I covered this back in 2009, but figured a little review (with some new addition) doesn't hurt. We have torrential rains in NY (to quote my wife: the last time it rained this much Noah was putting his zoo together) that are not expected to stop before nightfall. How does that impact the mitzvah of sukkah?
The Rishonim ask: the gemara (Brachos 49) writes that there is a chiyuv to eat a seudas Y"T with bread, and therefore if one forgets yaaleh v'yavo one has to repeat bentching. The gemara (Sukkah 27) has another din learned from a gezeira shava of Sukkos to Pesach that one is obligated to eat a kzayis in the sukkah tonight. Why do we need this latter din when we already know that we have to eat a seudah of bread tonight because it is Y"T?
A few answers are offered: 1) Tos (Sukkah 27) answers that really on Y"T there is no obligation to eat bread. The sugya that says you have to is speaking only about the night of Sukkos or Pesach, when we have that gezeira shavah that obligates us. According to this view, if you leave our yaaleh v'yavo in Y"TNoa bentching you would not repeat. 2) Other Rishonim says the nafka mina is the shiur. Normally, a person has to eat a k'beitza to be yotzei seudas Y"T. The gezeira shava elevates the importance of the eating of a k'zayis so that one is yotzei with that. 3) Rosh answers that had we only had the chiyuv to eat because of seudas Y"T, when it rains, you could eat inside. The gezeira shava teaches us that on the night of Y"T one must eat a k'zayis in sukkah regardless of the weather.
Since the other Rishonim did not give the Rosh's answer (which is quoted l'halacha by the Rama), one can assume that they did not accept his chiddush, and that even on the first night of sukkos one is not obligated to sit in the sukkah in the rain.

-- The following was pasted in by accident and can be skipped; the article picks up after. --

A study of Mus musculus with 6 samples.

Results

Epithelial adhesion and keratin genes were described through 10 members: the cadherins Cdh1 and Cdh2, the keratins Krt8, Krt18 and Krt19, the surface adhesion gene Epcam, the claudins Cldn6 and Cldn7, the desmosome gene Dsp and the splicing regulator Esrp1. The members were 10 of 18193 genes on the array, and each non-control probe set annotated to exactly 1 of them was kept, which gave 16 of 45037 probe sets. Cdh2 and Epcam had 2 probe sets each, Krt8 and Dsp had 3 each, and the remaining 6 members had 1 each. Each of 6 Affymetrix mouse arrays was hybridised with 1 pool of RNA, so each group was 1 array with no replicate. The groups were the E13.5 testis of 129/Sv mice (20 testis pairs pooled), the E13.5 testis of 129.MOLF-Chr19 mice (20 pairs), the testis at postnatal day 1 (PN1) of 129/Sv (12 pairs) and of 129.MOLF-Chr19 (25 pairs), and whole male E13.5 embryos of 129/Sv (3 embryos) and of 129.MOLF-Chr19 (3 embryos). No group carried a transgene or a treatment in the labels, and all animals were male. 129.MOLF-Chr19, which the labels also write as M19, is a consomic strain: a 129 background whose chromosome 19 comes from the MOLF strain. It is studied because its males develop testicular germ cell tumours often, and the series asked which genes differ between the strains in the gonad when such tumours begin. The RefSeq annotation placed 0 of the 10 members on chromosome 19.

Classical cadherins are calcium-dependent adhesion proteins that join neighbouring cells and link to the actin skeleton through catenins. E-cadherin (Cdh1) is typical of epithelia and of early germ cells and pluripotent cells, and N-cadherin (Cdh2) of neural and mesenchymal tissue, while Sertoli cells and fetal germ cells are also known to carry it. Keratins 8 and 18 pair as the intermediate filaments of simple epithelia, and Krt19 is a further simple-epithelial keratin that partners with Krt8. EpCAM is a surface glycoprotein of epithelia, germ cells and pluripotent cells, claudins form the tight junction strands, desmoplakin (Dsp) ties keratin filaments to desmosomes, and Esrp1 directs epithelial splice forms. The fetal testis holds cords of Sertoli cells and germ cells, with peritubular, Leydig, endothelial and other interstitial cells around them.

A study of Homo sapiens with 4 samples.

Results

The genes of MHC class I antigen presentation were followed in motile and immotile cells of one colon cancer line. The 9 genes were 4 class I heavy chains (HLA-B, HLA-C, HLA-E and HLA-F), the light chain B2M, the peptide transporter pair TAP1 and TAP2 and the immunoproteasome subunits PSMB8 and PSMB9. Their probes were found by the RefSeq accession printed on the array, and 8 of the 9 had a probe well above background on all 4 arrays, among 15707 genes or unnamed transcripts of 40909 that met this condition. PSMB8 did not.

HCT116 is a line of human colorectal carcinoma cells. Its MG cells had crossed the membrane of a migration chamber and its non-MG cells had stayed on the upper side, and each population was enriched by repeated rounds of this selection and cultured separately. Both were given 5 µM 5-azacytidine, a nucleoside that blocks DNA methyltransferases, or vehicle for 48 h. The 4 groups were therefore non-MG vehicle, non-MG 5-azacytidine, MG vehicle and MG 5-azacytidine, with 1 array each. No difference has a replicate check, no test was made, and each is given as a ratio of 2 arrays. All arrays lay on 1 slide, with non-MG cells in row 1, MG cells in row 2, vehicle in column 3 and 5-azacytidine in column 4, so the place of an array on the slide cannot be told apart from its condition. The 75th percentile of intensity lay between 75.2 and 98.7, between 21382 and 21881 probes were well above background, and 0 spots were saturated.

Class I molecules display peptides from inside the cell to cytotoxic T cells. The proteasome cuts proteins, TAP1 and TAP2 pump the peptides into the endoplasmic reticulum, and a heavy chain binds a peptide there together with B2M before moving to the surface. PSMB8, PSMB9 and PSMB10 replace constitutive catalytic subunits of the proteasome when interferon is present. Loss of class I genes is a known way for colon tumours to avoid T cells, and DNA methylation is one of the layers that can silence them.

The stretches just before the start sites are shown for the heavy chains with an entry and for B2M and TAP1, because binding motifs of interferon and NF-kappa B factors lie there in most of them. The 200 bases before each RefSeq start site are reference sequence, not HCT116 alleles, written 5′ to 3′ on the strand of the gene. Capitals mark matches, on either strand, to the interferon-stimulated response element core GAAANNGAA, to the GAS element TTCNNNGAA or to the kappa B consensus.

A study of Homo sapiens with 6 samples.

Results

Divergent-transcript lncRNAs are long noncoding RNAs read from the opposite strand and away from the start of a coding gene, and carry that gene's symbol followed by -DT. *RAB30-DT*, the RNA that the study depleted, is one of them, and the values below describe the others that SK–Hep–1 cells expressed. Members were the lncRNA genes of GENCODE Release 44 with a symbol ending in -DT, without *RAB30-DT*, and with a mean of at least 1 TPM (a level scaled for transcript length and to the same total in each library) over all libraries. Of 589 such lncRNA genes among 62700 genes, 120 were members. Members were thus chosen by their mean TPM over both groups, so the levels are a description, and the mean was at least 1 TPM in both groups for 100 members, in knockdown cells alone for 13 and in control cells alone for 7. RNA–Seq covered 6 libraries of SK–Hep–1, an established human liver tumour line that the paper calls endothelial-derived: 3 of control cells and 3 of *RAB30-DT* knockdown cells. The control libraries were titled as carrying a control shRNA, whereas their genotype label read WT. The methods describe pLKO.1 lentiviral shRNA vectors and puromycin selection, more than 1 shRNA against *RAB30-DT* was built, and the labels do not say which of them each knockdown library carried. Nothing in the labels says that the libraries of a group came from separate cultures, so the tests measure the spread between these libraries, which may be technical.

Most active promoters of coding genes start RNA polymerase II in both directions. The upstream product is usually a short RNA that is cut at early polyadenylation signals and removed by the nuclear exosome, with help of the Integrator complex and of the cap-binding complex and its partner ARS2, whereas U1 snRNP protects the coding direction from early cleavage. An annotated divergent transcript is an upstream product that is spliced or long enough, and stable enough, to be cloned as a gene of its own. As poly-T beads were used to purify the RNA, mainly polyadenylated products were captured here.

The nekudas ha'machlokes (see the older post for a different hesber): yesh lachkor whether the chiyuv of sukkah on the first night is a mitzvah of achila, like achilas matzah, or a mitzvah of dirah, to live in the sukkah, which you do by eating there.
If it is a mitzvah of dirah, then when it rains, one should be patur. You don't live in your house when there is rain pouring through the ceiling -- that's not called dirah. If it is a mitzvah of achila, then rain makes no difference. If it rains on leil ha'seder, you still eat a k'zayis of matzah.
There are other issues that may hinge on this same chakira. If one stole a k'zayis and ate it in the sukkah tonight, is it a mitzah ha'baah b'aveira (R' Baruch Ber's question)? Is the mitzvah achilas k'zayis, or is the mitzvah sitting in sukkah, and you never stole the sukkah? The Yerushalmi has a safeik (discussed by Rama as well) whether one must avoid eating a meal after chatzos on erev Sukkos in order to be able to enjoy eating that k'zayis in the sukkah just like you cannot have a meal on erev Pesach in order to relish that first bite of matzah. Again, the issue seems to be whether the focus is on eating, or on dirah.
Bottom line: even if it rains, to be yotzei the shitas haRosh quoted by Rama you should eat a k'zayis in the sukkah and then continue the rest of the meal inside.
GR"A throws one more wrinkle into the equation. He holds (Maaseh Rav, also quoted by Chayei Adam) that when it rains on the first night, even if you've eaten your k'zayis to be yotzei the Rosh, if it then stops raining, even at 3:00AM, you have to go out and eat another k'zayis of bread in the dry sukkah. The M.B. asks why this should be so. M'mah nafshach: according to the Rosh, you were yotzei with the k'zayis you ate in the rain. According to the other Rishonim, just like you were exempt because of 'mitzta'ar pature min ha'sukkah' when it rained, you are exempt because of 'mitzta'ar pature min ha'sukkah' from having to wake up at 3:00AM?
What we see from the GR"A (he has other Rishonim to back it up) is a new chiddush: the gezeira shava does obligate a person irrespective of the weather, irrespective of tzaar, like the Rosh holds; however, a sukkah with rain falling through the roof is not a sukkah. There is a chovas ha'gavra, but you have no cheftza shel mitzvah to fulfill it with. Therefore, once it stops raining and you have a livable sukkah, you have to go out and take advantage.